Lyme Disease Is Threatening An Unprecedented 2017
Lyme disease is threatening an unprecedented 2017
Why acorns are a harbinger for a surge in the tick-borne malady
April 5, 2017
By LIA EUSTACHEWICH
A bumper crop of acorns could be putting the U.S. on the brink of an unprecedented outbreak of Lyme disease, experts warn.
An estimated 300,000 Americans are diagnosed with Lyme disease each year, but the illness now may be on track to see 2017 become the worst year ever, according to Rick Ostfeld, a disease ecologist at the Cary Institute of Ecosystem Studies in Millbrook, N.Y.
The acorn surge means mouse populations will climb — giving rise to more disease-carrying ticks.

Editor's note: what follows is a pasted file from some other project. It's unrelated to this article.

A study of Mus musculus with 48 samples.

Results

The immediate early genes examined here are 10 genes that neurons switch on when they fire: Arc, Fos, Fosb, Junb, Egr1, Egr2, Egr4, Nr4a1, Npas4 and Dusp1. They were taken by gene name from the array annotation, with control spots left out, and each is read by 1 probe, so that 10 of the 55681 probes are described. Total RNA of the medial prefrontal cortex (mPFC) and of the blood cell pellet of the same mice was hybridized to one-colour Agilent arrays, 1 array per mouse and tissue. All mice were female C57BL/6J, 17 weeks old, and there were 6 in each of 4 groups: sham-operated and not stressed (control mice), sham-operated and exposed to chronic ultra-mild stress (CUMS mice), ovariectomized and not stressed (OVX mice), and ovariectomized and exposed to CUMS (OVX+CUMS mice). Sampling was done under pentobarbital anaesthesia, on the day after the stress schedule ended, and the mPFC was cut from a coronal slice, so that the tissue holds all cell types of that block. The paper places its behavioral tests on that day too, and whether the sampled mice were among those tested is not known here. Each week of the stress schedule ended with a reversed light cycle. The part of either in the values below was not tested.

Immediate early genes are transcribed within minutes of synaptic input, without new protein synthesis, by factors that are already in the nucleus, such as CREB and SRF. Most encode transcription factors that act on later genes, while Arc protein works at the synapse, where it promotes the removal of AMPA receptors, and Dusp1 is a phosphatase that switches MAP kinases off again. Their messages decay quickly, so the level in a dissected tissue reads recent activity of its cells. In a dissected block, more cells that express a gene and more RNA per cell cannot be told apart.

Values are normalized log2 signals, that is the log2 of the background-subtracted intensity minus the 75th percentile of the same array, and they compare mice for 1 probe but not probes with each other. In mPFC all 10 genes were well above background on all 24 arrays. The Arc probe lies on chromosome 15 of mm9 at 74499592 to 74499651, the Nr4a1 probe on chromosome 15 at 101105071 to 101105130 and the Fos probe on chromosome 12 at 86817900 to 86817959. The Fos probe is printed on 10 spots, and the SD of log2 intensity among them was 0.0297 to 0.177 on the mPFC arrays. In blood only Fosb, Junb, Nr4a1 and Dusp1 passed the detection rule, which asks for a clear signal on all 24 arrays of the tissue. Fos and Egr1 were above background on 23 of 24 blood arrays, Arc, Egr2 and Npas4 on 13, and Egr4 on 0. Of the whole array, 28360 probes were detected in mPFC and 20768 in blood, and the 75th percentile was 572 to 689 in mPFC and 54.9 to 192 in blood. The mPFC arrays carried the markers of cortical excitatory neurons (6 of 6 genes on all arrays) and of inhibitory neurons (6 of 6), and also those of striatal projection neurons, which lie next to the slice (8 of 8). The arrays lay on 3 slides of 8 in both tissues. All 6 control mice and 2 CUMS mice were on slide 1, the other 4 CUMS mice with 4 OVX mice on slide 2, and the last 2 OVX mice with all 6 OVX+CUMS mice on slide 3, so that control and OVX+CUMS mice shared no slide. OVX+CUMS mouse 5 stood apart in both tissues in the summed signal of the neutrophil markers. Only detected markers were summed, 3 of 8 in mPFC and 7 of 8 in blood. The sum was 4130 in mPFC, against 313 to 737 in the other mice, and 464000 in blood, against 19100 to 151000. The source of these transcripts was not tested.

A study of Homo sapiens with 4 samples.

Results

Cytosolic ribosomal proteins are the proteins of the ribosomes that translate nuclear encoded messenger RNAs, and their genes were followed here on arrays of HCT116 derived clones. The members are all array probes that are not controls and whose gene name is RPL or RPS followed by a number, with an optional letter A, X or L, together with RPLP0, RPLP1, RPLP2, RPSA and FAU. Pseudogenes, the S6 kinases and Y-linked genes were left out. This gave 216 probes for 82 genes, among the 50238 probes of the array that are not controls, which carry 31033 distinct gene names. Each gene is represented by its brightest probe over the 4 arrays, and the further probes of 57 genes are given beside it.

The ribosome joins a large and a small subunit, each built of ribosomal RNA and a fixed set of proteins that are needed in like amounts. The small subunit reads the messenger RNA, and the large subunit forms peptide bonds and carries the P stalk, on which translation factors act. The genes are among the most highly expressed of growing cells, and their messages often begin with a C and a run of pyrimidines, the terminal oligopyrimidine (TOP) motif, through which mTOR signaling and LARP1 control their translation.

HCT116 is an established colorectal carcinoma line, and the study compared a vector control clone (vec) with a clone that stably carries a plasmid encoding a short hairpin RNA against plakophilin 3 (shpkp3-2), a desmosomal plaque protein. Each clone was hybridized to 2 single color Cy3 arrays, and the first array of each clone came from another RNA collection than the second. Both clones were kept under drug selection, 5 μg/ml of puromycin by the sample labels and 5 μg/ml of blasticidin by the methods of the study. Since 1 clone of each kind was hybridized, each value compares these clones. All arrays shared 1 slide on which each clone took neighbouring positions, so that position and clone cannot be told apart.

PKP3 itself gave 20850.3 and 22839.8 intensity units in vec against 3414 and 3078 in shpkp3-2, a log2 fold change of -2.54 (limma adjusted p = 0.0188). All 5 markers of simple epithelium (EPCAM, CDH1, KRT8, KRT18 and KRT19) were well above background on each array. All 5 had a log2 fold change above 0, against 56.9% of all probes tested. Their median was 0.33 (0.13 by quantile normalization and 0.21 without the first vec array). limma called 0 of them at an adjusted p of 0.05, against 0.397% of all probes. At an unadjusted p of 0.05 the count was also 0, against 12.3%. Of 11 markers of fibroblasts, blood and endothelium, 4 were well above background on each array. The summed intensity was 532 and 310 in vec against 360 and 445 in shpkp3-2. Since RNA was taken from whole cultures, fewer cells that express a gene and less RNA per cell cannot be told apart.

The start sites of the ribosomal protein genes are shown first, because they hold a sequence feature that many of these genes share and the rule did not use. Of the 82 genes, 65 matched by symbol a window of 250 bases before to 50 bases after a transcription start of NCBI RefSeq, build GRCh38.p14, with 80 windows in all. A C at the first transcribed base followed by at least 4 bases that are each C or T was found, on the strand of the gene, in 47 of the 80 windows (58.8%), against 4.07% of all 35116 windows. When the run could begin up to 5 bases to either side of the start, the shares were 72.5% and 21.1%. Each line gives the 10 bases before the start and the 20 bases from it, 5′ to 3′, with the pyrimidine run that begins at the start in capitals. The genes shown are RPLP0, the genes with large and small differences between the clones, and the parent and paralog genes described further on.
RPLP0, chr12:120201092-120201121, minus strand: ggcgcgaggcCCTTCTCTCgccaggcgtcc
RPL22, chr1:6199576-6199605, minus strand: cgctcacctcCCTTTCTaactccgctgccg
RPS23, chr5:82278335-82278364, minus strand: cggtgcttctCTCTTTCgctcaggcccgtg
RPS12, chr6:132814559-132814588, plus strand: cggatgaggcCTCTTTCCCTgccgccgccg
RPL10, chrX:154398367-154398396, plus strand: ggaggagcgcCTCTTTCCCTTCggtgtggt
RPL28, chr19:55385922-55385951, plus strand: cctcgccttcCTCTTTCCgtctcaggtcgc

One mouse alone can carry hundreds of immature ticks, according New Scientist.
The rodents’ blood contains the Lyme-causing bacterium Borrelia burgdorferi, which gets transferred to the tick’s stomach as it feeds. The bacteria can then be passed on to whatever new host — like humans — the tick latches onto.
With no Lyme disease vaccine available — the last one, Lymerix, was yanked off the market in 2002 — little can be done to prevent the illness outside of the standard anti-tick measures, including wearing long pants in the woods and performing thorough self-checks.
Ticks are tiny, as small as a poppy seed, and easy to miss, and not everyone gets the bull’s-eye rash that usually accompanies a Lyme-infected tick bite. The flu-like symptoms that occur after being infected are also easy to misdiagnose. “That’s when you get late-stage, untreated, supremely problematic Lyme disease,” Ostfeld said.